Our latest report shows that working-class people are hidden or missing in some of the most influential think tanks and anti-poverty charities in the UK.
In response to these findings eight think tanks and charities have committed to a pledge to monitor and improve class diversity in their organisations.
The irony is that in charity and think tank world, we're supposed to be helping people like me but we never talk to them - just about them and often with, at best, a limited understanding.
Join these Committed organisations
A growing number of organisations have committed to taking concrete actions on tackling class diversity. Here are the steps they are taking:
By the end of 2022, set out your ambitions and initial priorities for class diversity in your organisation, and make this publicly available.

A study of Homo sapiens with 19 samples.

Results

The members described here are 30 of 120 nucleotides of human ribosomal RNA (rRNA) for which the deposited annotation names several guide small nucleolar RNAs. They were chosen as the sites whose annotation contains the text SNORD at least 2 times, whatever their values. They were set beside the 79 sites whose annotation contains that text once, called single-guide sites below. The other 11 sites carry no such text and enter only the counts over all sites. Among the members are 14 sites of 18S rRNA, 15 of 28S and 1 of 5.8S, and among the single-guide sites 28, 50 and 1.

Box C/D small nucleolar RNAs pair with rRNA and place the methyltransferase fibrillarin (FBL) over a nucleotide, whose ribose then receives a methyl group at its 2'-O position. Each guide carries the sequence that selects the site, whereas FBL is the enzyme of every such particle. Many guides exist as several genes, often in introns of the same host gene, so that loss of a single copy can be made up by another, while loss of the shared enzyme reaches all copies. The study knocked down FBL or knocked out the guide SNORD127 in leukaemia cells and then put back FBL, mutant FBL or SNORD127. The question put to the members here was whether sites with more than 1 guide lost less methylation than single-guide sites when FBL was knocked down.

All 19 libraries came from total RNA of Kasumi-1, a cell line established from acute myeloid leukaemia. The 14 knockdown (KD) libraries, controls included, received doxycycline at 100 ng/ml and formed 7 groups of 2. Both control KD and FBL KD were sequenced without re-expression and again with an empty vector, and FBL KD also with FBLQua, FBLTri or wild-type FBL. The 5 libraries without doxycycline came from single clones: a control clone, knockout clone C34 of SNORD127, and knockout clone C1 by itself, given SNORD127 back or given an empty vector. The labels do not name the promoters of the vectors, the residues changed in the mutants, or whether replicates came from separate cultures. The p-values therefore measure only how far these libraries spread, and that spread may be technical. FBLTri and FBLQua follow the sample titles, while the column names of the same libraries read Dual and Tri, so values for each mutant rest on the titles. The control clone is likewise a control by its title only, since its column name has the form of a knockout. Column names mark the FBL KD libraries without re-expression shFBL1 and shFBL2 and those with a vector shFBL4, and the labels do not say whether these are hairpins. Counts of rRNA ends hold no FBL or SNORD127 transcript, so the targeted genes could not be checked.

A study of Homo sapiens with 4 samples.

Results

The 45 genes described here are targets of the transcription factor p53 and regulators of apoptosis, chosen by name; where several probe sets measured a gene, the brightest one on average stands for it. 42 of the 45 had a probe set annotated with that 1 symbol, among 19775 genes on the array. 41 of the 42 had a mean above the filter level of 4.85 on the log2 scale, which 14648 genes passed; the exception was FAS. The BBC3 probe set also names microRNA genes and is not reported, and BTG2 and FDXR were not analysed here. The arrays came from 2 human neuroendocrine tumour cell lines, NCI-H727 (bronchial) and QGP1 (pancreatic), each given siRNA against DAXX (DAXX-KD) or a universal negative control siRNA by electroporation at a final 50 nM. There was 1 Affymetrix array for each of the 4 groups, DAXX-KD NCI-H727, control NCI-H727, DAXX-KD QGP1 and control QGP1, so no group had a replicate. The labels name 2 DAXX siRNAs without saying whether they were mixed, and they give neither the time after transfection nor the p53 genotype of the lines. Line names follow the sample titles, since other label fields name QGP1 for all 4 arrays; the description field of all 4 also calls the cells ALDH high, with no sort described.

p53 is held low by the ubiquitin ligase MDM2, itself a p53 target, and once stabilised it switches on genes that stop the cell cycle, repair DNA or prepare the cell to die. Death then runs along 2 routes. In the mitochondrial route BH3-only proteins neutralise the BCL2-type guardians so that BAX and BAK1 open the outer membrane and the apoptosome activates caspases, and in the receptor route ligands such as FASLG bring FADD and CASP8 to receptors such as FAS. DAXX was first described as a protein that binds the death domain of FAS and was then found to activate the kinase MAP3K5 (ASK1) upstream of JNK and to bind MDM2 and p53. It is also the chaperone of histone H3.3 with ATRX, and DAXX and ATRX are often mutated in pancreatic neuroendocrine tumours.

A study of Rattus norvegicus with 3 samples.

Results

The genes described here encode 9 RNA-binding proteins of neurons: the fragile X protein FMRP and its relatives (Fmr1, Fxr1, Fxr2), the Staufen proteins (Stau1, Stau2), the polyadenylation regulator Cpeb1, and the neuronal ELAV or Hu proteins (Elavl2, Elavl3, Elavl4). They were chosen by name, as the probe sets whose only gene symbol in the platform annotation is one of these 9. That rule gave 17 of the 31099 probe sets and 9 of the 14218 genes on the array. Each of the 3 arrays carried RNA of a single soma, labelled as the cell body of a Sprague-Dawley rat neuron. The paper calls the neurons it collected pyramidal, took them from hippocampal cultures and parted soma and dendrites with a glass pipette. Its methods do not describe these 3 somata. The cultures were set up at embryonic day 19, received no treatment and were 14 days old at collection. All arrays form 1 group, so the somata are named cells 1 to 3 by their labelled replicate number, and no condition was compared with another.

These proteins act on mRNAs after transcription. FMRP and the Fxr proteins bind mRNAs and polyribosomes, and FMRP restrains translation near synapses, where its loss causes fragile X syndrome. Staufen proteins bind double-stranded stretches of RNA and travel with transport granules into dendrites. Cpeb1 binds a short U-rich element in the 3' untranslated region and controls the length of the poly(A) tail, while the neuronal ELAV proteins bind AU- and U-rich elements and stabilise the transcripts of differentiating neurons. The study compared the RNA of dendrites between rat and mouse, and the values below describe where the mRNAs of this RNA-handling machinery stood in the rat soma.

Collect data on your organisation’s class diversity by June 2023. There's a helpful toolkit setting out how to do this from the Social Mobility Commission.
Collaborating with each other organisations to share knowledge and best practice at least once a year
Our research, part-funded by the Joseph Rowntree Foundation, interviewed 30 people from working class backgrounds in think tanks and anti-poverty charities, and surveyed 277 people with working-class backgrounds who’ve worked in the sector.
Though there are some people from working class backgrounds in these organisations, they report having difficult experiences at work, struggling to fit into a ‘middle-class’ environment, or feel they need to hide their background.
people with working-class backgrounds who’ve worked in the sector were surveyed in the writing of this report.
of respondents said that class diversity was a problem in think tanks and anti-poverty charities.
of working-class people either do not openly talk about their background at work or only do so partially.
of respondents agreed that different language would be used about working class people if more worked in their organisation.